Former Steelers running back Rashard Mendenhall never seemed to act like the quintessential football player in front of the media.
He didn't seem particularly inclined with developing his brand or talking trash. He just kind of spoke and went about his way.
Even with millions of dollars (or hundreds of thousands, as the current running back market is shaping up) on the line, Mendenhall delivered the strongest statement he ever has to the media Sunday, confirming initial reports that he would be retiring from the NFL after six seasons.
He basically told off the entire institution. And it's phenomenal.
In Mendenhall's most recent Huffington Post entry (he's a contributing writer for the news and opinion web site), he states calmly, in his self-reflective style, he's getting out because he no longer wants to be an entertainer, and he wants to do something else with his life.
He just doesn't really want to play anymore. That's it.
On one hand, it's easy to make a joke about how Steelers fans appreciate him making this decision after 2013, meaning the Steelers may still get a comp pick for his departure. On the other, it's refreshingly honest, if not a tad superior. Ultimately, it's a guy doing his thing his way. It's hard not to respect that.
It's unfortunate, as well. One passage mentions the difficulties of living in the fishbowl the way professional athletes do, exposing him to the slim and dangerous minority who can't separate real life from the game itself.
Having to fight through waves and currents of praise and criticism, but mostly hate. I can't even count how many times I've been called a 'dumb nigger'. There is a bold coarseness you receive from non-supporters that seems to only exist on the Internet. However, even if you try to avoid these things completely -- because I've tried -- somehow they still reach you.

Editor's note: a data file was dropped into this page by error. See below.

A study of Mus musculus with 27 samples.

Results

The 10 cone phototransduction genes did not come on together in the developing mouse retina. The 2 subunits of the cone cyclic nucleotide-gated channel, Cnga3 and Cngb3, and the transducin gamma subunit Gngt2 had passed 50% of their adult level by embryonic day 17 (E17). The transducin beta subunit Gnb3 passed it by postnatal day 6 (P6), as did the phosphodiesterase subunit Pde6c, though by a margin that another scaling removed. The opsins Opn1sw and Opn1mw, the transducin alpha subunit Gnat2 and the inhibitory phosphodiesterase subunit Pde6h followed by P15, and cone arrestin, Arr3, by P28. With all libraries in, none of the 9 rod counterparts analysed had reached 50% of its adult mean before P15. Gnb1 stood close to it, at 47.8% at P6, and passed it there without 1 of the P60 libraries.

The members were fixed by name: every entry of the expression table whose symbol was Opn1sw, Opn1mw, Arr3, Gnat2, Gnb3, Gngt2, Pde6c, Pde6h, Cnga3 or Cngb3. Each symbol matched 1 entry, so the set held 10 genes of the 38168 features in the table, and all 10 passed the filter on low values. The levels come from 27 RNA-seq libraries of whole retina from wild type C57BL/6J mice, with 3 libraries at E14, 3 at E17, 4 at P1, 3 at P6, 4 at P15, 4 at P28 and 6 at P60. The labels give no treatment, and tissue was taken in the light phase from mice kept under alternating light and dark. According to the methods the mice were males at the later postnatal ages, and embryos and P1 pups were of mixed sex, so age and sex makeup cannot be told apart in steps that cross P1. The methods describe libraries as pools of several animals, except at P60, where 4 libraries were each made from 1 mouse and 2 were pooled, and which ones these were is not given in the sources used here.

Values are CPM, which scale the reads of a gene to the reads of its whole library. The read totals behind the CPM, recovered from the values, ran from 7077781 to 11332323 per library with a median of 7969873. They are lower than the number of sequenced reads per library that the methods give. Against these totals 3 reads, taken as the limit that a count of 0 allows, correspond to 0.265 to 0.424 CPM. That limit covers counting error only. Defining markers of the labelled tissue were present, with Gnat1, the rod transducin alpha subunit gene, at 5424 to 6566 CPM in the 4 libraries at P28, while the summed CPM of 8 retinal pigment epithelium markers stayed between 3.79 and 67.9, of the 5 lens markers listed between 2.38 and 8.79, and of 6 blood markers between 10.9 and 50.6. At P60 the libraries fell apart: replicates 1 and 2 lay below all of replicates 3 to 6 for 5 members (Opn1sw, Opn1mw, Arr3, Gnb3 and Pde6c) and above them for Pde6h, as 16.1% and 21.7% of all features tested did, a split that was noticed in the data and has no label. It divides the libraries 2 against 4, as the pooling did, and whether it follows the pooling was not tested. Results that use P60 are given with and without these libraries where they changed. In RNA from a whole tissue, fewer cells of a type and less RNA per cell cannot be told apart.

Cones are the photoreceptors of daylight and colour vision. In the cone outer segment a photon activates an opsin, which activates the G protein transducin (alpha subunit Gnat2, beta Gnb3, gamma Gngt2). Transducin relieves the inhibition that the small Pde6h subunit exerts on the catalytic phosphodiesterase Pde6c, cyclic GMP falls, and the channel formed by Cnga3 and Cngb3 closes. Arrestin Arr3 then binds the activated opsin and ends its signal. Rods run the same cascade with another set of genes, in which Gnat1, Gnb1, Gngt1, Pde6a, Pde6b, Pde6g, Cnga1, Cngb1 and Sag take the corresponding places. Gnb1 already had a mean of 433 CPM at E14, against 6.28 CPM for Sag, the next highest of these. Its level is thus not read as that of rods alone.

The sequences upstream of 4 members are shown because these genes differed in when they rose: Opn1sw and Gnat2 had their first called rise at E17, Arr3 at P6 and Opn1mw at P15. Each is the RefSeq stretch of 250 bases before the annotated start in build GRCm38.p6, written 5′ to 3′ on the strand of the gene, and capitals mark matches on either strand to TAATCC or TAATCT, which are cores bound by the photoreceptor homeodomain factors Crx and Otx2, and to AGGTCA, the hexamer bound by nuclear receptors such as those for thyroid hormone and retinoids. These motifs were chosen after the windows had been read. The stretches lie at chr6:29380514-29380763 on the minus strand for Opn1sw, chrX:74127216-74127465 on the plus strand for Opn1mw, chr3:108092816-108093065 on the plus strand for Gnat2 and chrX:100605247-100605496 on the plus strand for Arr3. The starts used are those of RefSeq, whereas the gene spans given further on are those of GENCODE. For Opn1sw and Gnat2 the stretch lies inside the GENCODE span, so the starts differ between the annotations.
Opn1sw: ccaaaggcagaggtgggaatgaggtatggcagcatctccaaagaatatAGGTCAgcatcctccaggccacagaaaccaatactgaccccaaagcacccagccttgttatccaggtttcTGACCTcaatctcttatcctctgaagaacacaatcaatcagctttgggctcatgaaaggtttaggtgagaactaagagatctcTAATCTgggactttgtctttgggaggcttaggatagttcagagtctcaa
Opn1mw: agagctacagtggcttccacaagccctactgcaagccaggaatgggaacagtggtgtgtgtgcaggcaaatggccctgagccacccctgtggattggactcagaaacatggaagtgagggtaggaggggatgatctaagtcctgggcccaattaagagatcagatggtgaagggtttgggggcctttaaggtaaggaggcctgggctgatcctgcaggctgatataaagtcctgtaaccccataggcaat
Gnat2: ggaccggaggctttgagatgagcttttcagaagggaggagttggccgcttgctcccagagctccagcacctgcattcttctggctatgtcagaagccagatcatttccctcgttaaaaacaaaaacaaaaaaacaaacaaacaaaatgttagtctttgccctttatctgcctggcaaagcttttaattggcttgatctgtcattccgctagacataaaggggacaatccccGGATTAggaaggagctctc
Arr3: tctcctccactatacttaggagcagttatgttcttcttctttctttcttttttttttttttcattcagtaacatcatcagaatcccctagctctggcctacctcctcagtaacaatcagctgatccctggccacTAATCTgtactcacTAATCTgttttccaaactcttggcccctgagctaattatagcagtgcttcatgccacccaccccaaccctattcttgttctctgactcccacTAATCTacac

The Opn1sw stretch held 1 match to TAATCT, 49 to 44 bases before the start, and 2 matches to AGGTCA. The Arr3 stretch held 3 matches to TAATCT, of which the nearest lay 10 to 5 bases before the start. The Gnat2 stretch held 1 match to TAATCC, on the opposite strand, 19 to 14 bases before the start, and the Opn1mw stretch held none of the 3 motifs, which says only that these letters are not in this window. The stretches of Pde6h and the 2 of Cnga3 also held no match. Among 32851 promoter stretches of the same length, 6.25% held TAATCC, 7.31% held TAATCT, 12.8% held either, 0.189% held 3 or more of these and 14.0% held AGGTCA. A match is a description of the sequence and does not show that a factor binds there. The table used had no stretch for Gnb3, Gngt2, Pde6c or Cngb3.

This part had me nearly standing up and applauding though, showing there's a mid-20s something player who sees things in a very similar light to those who respect the integrity of the game and question its current direction.
Today, game-day cameras follow the most popular players on teams; guys who dance after touchdowns are extolled on Dancing With the Starters; games are analyzed and brought to fans without any use of coaches tape; practice non-participants are reported throughout the week for predicted fantasy value; and success and failure for skill players is measured solely in stats and fantasy points. This is a very different model of football than the one I grew up with. My older brother coaches football at the high-school and youth level. One day he called me and said, "These kids don't want to work hard. All they wanna do is look cool, celebrate after plays, and get more followers on Instagram!" I told him that they might actually have it figured out.
If nothing else, Mendenhall knows what he wants from himself, if not his life. Best of luck to him if he feels it's time to move on and try something else.
The only question I would ask him if he sees the irony behind his "retirement message" being delivered in a space usually reserved for entertainment, but I'd forgive him either way he'd answer it. Then I'd wish him the best in his future endeavors, hoping he's proud of the fact he was, kind of ironically, a pretty good Fantasy player but a better football player.